Shahpur-kandi Dam on Rabi River completed

Indus water treaty 1960

Shahpur-kandi barrage Completed

Shahpur-kandi barrage

Constructed on Punjab & j & k border uses water from river Rabi, which was assigned to India in Indus water treaty of 1960, which India failed to utilize due to non construction of Barrage, now constructed.


Indus water treaty of 1960


At the time of independence, the boundary line between the two newly created independent countries i.e. Pakistan and India was drawn right across the Indus Basin, leaving Pakistan as the lower riparian. Moreover, two important irrigation head works, one at Madhopur on Ravi River and the other at Ferozepur on Sutlej River, on which the irrigation canal supplies in Punjab (Pakistan) had been completely dependent, were left in the Indian Territory. A dispute thus arose between two countries regarding the utilization of irrigation water from existing facilities. Negotiations held under the good offices of International Bank for Reconstruction and Development (World Bank), culminated in the signing of Indus Waters Treaty in 1960.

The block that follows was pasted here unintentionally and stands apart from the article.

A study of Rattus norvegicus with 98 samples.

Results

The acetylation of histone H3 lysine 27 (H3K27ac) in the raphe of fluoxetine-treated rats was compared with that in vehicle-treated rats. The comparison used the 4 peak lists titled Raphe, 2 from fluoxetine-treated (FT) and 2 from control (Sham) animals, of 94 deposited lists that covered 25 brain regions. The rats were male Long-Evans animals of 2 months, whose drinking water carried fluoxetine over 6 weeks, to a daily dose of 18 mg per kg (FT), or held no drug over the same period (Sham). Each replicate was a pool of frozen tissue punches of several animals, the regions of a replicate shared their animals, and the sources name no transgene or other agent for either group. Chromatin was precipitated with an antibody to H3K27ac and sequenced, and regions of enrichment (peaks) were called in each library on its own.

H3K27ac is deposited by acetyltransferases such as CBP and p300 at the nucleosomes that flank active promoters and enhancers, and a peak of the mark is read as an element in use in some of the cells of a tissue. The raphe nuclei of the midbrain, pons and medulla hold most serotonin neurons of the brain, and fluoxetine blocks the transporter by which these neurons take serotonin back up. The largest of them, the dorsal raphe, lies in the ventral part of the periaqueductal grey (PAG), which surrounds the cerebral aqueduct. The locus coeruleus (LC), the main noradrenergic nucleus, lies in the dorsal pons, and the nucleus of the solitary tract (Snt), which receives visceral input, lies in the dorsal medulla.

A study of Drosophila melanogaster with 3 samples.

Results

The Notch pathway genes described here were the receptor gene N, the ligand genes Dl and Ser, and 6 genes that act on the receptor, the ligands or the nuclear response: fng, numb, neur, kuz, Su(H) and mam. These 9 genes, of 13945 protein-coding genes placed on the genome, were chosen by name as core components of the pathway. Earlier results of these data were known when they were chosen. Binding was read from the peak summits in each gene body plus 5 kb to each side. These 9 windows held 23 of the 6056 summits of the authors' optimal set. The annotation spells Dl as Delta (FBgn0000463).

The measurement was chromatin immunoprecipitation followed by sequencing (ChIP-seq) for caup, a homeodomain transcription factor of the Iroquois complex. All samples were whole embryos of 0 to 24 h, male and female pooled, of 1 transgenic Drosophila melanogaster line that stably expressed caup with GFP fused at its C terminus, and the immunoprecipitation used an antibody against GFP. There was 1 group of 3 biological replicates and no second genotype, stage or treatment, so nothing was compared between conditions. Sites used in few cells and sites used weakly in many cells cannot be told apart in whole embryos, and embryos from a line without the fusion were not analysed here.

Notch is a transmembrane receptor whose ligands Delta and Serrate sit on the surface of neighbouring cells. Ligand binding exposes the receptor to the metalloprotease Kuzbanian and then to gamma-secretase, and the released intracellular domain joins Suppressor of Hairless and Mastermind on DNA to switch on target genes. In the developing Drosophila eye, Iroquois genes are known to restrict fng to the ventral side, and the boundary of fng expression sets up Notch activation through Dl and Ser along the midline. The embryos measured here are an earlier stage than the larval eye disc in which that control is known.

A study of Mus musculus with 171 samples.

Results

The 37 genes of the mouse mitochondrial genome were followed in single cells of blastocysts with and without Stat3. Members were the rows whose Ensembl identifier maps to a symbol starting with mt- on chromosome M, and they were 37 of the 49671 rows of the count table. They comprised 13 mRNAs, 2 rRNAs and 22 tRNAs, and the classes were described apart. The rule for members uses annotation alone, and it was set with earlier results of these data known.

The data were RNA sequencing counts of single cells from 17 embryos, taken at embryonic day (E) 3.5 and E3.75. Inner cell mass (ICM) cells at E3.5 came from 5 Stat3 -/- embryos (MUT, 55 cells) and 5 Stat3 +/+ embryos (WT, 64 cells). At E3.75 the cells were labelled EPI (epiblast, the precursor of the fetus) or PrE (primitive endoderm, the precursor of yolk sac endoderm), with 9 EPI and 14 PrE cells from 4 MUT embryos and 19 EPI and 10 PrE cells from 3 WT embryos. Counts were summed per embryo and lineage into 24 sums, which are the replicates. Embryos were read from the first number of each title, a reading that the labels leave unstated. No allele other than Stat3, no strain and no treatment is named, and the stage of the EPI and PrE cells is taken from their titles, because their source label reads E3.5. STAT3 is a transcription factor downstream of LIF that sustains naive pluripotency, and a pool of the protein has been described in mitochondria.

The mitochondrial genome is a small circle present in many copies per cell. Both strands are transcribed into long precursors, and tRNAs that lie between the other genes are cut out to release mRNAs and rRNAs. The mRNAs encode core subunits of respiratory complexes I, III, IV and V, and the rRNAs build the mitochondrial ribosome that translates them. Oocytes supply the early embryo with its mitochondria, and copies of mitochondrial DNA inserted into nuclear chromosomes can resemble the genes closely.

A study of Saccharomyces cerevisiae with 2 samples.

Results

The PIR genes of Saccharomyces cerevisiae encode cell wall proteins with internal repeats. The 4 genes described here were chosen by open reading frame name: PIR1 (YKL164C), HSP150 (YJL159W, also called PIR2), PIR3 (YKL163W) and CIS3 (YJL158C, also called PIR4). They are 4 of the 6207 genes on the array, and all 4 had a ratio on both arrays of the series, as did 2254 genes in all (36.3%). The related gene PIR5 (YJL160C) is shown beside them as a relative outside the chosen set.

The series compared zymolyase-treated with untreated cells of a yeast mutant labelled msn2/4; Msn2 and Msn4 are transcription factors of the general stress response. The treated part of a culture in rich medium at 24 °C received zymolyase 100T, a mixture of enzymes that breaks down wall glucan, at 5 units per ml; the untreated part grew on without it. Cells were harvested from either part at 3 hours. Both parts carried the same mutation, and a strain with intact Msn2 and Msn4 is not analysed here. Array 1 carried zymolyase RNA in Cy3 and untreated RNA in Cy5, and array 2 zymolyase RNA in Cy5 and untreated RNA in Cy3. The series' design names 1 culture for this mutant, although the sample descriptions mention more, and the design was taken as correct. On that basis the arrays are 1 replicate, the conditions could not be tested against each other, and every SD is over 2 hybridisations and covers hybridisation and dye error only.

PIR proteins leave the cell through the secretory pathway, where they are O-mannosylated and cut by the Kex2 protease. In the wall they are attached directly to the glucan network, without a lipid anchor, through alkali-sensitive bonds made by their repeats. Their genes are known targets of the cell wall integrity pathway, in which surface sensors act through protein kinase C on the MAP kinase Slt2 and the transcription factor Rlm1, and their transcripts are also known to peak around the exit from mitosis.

The treaty gave the waters of the western rivers—the Indus, Jhelum, and Chenab—to Pakistan and those of the eastern rivers—the Ravi, Beas, and Sutlej—to India.

In a significant challenge to the treaty, in 2017 India completed the building of the Kishanganga dam in Kashmir and continued work on the Ratle hydroelectric power station on the Chenab River despite Pakistan’s objections and amid ongoing negotiations with the World Bank over whether the designs of those projects violated the terms of the treaty.